PG&E warns 70,000 customers of possible power outages ahead of increased fire danger

- Early Wednesday morning, PG&E sent 70,000 customers in nine counties a 24-hour notice that their power might be cutoff for a high wind weather event that could materialize overnight.  

World famous wine and tourist town St. Helena sits in a very narrow part of the Napa Valley right at the foot of two mountain ranges. When power was cut off last month, the mountainous areas were affected and it took two days to restore power. 

It could happen here again Thursday, including St. Helena Hospital which, though it has ample back-up generators, chose to cancel many appointments and procedures.

"We understand how important electricity is and we would only do this as a last resort. We are only doing this for the safety of our customers and the safety of our communities," said PG&E Spokeswoman Deanna Contreras.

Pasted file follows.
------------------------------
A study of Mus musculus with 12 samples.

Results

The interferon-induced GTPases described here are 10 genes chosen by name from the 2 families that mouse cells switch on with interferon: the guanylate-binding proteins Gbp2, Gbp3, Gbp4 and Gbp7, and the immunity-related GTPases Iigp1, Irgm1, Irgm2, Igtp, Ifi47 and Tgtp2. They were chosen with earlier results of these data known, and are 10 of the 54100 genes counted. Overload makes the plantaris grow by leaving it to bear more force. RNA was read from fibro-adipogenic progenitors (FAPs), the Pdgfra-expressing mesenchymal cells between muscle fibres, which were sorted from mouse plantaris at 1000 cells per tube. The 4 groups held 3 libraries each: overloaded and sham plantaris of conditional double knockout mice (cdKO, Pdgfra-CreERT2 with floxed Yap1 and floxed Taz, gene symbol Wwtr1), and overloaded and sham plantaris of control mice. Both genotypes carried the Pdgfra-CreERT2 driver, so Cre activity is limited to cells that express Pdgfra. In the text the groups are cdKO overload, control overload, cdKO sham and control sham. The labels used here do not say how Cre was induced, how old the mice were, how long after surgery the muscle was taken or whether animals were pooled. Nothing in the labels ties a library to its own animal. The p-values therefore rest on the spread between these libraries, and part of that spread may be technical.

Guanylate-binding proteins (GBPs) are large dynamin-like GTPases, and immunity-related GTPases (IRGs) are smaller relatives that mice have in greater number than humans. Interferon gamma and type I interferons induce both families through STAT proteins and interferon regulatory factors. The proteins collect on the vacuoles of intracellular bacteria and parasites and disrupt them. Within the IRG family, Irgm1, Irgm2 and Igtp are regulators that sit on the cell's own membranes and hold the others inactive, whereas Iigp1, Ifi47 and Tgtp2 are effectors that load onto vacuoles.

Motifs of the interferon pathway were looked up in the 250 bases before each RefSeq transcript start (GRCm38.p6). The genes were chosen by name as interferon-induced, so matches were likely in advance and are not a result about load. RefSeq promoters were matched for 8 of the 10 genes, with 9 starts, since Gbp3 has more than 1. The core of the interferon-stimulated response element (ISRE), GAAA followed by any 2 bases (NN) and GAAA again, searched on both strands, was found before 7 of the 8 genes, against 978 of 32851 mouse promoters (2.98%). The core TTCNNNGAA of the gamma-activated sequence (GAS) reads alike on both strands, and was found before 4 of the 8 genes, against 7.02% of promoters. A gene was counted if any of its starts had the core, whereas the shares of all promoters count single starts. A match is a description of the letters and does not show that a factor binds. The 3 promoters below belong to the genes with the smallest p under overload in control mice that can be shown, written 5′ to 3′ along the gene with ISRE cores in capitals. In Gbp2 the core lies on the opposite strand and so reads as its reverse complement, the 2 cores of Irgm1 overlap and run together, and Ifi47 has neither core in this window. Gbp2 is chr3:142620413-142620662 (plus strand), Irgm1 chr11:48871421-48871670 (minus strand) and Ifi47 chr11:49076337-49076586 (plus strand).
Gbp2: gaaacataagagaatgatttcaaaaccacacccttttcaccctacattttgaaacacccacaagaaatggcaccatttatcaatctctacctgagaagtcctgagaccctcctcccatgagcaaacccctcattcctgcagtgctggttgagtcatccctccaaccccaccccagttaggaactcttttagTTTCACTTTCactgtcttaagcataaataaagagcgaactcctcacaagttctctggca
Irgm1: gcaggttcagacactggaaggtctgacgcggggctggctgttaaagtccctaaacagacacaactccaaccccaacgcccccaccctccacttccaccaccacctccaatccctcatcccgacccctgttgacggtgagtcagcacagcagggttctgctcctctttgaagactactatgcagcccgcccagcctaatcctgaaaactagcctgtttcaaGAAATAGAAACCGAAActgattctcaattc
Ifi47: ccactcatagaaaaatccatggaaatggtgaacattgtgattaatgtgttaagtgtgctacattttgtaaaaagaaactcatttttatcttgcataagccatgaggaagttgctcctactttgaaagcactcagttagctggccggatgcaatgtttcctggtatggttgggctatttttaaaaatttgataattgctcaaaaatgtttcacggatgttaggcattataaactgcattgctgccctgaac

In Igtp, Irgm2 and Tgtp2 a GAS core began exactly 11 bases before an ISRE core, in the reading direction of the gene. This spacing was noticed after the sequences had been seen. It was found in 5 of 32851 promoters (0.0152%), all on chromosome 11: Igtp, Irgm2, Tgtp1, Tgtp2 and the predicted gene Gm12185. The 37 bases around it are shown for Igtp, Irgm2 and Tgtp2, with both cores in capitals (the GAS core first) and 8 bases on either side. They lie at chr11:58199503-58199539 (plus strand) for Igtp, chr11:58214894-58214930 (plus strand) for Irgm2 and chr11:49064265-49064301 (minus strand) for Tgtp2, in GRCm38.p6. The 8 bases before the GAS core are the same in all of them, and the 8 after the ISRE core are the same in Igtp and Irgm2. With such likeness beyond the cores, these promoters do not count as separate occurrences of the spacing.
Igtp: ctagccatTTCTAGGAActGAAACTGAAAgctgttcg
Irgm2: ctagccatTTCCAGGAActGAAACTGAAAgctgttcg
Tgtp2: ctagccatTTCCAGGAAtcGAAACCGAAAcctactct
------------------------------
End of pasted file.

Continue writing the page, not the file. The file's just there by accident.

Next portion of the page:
Yuba, Butte, Nevada, Placer, Plumas and Sierra counties. It will take days to restore power to many of the more remote locations. 

"It's pretty much a five step process. You have to make sure the weather is all clear, you have to patrol and inspect every mile of every line and then you have to isolate and repair any damage that's been found and then you can restore the electricity by reenergizing the lines and then the fifth step is to contact customers and let them know that the power has been restored," Contreras said.

In Napa County, 5,700 customers face shut offs, most likely in Angwin, Pope Valley and, as mentioned, unincorporated St. Helena. 

Unincorporated rural northeast Sonoma County could experience 400 cutoffs. 

The Lake County towns of Middletown, Clear Lake Oaks, Cobb, Hidden Valley Lake and Kelseyville could face 6,000 customer cut offs. 

"Shutting off the power is a last resort, a last resort," said Contreras.

If the power cutoffs actually do happen, PG&E thinks they'll happen early Thursday morning, around 6 AM. And, of course, all of that is subject to change.